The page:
Works by Mississippi artist Hull join
permanent collection; Sugimoto painting to hang in Mills Center once again
Arkansas (July 19, 2023)—The Hendrix College Permanent Art Collection has grown
by two pieces and an existing part of the collection has returned home this
summer, said staff of the Windgate Museum of Art
at Hendrix College
(WMA), custodian of the
The WMA recently
acquired two examples of Marie Hull’s artwork for the permanent
collection. Hull (1890-1980) was one of Mississippi’s most beloved artists and
teachers who exhibited in the United States and Europe. Hull
studied artistic movements from impressionism to modernism in Tennessee,
Pennsylvania, Colorado, Connecticut and Paris, France, and by the 1930s,
her paintings were exhibited in San Francisco, California, New York City,
and Paris. Her work is in prominent collections across the South, including the
permanent collection of the Mississippi Museum of
Art in Jackson, Mississippi.
“The WMA is
excited to welcome these pieces as we build the permanent collection to
reflect the rich history and diverse cultures of the American South through
visual art,” said Christian Cutler, the museum’s director.
that the acquisitions of Pencil Study of Doves and Benachi Ave.,
Biloxi, MS were made with significant assistance from a Hendrix
College alum who wishes to remain anonymous.
A longtime piece
of the permanent collection, Arrival at Camp Jerome by Henry Sugimoto,
has returned to campus after spending nine months in northwest Arkansas, where
it was being cleaned by one of the nation’s top art conservators. The painting,
a celebrated fixture on the Hendrix College campus since its purchase in 1944,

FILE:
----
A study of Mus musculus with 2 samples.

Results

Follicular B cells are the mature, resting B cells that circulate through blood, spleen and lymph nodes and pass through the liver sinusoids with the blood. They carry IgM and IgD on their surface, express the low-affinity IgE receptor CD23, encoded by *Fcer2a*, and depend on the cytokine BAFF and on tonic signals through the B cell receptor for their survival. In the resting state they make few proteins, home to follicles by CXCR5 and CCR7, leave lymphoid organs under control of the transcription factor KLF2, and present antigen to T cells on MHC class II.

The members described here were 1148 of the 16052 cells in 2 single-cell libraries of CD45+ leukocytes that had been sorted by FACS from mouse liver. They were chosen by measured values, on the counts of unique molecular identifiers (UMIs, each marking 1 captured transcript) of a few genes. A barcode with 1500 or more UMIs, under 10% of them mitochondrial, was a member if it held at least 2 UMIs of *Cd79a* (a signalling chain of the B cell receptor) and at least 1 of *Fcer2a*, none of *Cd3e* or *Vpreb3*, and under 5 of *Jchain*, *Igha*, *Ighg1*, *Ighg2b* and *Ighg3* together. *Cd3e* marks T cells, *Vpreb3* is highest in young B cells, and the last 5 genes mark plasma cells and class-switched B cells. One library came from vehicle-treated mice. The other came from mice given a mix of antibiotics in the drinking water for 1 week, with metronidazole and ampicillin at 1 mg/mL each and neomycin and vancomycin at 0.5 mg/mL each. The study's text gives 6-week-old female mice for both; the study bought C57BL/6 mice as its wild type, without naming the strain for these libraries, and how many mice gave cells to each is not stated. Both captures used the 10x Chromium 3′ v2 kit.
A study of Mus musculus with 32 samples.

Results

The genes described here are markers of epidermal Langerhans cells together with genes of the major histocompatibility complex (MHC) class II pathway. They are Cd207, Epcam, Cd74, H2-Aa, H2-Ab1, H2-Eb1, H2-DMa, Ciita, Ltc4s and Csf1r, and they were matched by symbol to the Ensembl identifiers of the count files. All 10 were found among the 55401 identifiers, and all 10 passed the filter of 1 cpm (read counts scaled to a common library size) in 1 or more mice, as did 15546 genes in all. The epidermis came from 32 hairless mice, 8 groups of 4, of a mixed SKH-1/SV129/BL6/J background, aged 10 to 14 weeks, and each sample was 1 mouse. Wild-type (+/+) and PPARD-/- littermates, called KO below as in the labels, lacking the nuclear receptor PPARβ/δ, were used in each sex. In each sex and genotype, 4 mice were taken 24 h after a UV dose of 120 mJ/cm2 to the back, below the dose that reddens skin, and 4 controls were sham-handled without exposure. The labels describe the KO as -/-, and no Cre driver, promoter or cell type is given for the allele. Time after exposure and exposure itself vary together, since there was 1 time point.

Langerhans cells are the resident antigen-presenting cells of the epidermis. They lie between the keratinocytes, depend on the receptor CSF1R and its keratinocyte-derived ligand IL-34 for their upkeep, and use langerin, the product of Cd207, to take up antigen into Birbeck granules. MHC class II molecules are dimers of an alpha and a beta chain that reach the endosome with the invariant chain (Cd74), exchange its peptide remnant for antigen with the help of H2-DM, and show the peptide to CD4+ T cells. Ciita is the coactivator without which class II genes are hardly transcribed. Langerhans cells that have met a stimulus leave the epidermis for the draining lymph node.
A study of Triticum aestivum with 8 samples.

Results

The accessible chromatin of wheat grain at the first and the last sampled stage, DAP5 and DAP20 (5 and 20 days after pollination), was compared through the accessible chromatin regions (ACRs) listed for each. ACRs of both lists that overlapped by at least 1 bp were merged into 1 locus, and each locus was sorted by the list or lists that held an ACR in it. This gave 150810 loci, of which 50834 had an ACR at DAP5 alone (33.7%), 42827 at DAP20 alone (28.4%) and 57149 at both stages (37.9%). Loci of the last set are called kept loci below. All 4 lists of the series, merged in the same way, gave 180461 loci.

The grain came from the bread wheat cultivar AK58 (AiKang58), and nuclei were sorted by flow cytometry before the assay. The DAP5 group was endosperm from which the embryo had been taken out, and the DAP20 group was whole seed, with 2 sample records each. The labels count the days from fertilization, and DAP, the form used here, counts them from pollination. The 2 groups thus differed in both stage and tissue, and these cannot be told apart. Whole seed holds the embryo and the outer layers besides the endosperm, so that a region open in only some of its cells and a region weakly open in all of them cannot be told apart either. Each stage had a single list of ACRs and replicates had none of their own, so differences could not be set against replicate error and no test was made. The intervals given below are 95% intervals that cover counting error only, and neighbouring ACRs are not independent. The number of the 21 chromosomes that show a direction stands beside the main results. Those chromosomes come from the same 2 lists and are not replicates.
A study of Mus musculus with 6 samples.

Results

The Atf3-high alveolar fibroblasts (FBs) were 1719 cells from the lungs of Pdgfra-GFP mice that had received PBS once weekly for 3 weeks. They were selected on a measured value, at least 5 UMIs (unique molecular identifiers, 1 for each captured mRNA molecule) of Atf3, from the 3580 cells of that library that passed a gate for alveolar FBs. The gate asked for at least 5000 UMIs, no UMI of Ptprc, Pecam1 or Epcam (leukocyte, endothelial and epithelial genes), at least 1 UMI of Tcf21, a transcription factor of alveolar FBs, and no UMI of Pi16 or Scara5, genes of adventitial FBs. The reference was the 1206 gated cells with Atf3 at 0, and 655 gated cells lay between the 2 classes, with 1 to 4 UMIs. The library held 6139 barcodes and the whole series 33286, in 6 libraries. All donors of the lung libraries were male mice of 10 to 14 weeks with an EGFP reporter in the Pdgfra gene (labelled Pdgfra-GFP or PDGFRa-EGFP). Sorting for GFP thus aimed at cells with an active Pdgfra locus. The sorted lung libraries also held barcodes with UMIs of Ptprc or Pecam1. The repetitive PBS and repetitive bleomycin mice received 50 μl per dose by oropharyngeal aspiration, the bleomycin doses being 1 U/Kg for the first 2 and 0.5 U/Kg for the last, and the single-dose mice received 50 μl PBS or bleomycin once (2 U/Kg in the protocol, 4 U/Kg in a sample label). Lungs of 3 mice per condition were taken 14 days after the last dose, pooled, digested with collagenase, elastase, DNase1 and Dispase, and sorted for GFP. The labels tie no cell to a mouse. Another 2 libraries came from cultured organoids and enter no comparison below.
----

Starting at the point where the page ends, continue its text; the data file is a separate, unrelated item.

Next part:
will soon return to its place in the Mills Center for Social Sciences.
In 1943, Hendrix College art faculty members Louis Freund,
Elsie Freund, and Floy K. Hanson visited the Jerome Relocation Center, where
they met Henry Sugimoto and encouraged his work. Mrs. Freund and Ms. Hanson
arranged an exhibition of 15 paintings at Hendrix in February 1944 to publicize
the artist and the plight of interned Japanese Americans.
Henry and Susie Sugimoto attended the opening and a reception
held in their honor. Paul Faris, a professor of English and photography at
Hendrix, photographed the occasion. At the exhibit’s conclusion, the College
purchased Arrival at Camp Jerome, which depicts Henry, Susie, and their
daughter Madeleine arriving at the camp in 1942.
Professor Faris and his wife, Ann, visited the war relocation
camp in July 1945, documenting the work of Sugimoto and other artists in the
camp. Several of their photographs and descriptions were featured in Allen
Eaton’s Beauty Behind Barbed Wire: The Arts of the Japanese in Our War
Relocation Camps, published in 1952, with a foreword by Eleanor Roosevelt.
“Arrival at Camp Jerome is a painting of deep
significance,” Cutler said. “Not only is it an autobiographical work that marks
a distinct period of injustice in the life of the United States, but the way it
became part of the College’s collection also highlights how members of the Hendrix
community responded to that injustice. They sought out human connection with
those who were interned in Arkansas and advocated for them.”
at Camp Jerome will be reinstalled in the lobby of the Mills
Center in August. Information about Henry Sugimoto and his visit to Hendrix
College remains on display in Mills, along with a selection of Paul Faris’s
photographs of Sugimoto and the camp.
private liberal arts college in Conway, Arkansas, Hendrix College consistently
earns recognition as one of the country’s leading liberal arts institutions,
and is featured in Colleges That Change Lives: 40 Schools That Will Change the
Way You Think About Colleges. Its academic quality and rigor, innovation, and
value have established Hendrix as a fixture in numerous college guides, lists,
and rankings. Founded in 1876, Hendrix has been affiliated with the United
Methodist Church since 1884. To learn more, visit www.hendrix.edu.